Saturday, 12 December 2009

Books of 2009 - Part 1

As regular readers will know, one of the things I enjoy most is getting stuck into a good book. I try to make sure I read everyday, although on occasion the habit slips. I'm currently on my 20th book this year - more than last year, but less than I'd aimed for.

As it's approaching the end of the year, this is the first in a series of posts with two line reviews of the books I've read.

The Uncommon Reader by Alan Bennett - Previously ambivalent about Bennett, I really enjoyed Untold Stories. The Uncommon Reader is an extended short story about the Queen developing a reading habit when she discovers the mobile library for the Palace staff. While inoffensive and enjoyable enough, this ultimately lacked any substance.

The Audacity of Hope by Barack Obama - Written when he was a Senator, this book covers a number of major issues in American politics. Obama writes with a clear and direct style, a refreshing understanding of American political history and context and most importantly a recognition that view issues are as black and white as a two-party system often portrays them as.

Lyttelton's Britain by Iain Pattinson - The late Humphrey Lyttelton chaired Radio 4's I'm Sorry I haven't a Clue for over 40 years. Latterly, the opening monologues in which Humph outlined the history and attractions of the host venues became one of the trademarks of the show. This book collects these monologues (essentially a series of one-liners) together and is a fantastic light read which I shall be dipping in and out of for years to come.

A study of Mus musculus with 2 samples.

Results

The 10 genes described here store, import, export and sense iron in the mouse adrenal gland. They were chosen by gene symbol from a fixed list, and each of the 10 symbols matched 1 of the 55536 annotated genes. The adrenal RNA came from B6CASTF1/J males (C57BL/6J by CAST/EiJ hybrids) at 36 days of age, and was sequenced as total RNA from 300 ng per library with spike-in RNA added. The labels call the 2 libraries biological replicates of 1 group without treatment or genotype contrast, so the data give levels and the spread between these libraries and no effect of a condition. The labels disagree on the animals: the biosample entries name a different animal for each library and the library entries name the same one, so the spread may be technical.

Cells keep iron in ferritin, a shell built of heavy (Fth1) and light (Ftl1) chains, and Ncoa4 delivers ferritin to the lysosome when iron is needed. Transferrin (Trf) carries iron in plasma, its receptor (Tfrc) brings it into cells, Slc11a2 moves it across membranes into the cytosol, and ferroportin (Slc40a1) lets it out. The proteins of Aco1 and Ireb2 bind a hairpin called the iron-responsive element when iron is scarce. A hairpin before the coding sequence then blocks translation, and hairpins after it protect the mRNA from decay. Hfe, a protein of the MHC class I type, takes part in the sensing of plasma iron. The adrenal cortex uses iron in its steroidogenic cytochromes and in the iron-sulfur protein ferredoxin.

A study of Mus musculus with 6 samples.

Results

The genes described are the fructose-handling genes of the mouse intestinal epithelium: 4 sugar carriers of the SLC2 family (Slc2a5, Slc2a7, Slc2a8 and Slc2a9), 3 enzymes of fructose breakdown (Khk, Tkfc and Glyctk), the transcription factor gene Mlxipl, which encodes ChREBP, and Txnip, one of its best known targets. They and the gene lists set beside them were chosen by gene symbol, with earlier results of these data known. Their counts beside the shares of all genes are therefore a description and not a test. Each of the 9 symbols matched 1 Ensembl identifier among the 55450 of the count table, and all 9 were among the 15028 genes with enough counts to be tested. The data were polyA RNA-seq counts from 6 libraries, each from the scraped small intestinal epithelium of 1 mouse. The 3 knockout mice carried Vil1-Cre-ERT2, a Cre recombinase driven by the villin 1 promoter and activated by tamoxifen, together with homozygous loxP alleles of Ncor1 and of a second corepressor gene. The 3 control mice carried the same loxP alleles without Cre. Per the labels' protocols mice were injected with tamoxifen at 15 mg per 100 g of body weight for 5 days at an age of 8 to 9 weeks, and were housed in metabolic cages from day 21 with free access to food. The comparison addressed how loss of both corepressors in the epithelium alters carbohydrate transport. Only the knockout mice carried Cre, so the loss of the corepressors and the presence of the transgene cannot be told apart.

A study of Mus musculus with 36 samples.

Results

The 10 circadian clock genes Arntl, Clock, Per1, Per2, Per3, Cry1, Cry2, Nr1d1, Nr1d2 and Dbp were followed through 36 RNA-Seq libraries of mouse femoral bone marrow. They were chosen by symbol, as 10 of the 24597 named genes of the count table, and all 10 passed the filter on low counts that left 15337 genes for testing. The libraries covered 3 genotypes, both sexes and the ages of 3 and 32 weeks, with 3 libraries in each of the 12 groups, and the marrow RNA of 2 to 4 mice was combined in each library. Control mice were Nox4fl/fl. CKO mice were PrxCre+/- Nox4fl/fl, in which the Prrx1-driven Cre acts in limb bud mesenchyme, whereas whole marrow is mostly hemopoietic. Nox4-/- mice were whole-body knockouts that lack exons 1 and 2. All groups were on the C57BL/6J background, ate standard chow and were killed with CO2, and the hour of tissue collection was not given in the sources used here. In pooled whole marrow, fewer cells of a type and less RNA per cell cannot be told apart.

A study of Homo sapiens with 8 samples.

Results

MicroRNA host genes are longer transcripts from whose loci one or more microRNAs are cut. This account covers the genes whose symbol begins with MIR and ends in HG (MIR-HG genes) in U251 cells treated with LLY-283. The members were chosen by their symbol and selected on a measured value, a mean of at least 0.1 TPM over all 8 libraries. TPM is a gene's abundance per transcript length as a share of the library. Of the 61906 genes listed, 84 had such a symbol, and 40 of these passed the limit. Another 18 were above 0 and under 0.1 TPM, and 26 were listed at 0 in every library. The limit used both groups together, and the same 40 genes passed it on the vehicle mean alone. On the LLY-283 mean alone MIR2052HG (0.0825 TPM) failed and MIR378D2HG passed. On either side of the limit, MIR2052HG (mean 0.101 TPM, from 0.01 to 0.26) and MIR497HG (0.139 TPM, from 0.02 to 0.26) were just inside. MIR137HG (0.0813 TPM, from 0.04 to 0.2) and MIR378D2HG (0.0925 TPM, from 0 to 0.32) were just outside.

The God of Small Things by Arundati Roy - A fantastic and worthy winner of the Booker Prize. A family saga set in India, it is beautifully written with almost poetic qualities. This beauty does not get in the way of what is a intriguing story in the way that some literature can. Roy evokes the culture and atmosphere superbly and I'm sure I'll get more out of this book on repeat reading.

The Salmon of Doubt by Douglas Adams - Having read this previously, I enjoyed re-visiting it for the first time in a few years. The Salmon of Doubt was one of the titles given to the Dirk Gently novel Adams was working on when he died. This book brings together some of the completed chapters of that along with various magazine articles, lectures and interviews.

A Most Wanted Man - John le Carre - I've wanted to read a le Carre for years and never quite got round to it. I received this, his latest novel as a Christmas present, so was keen to see what I thought. A political/security services thriller, it didn't set the heather alight for me. I do still want to try an early Le Carre, though!

So, that's the first 6 - another instalment soon!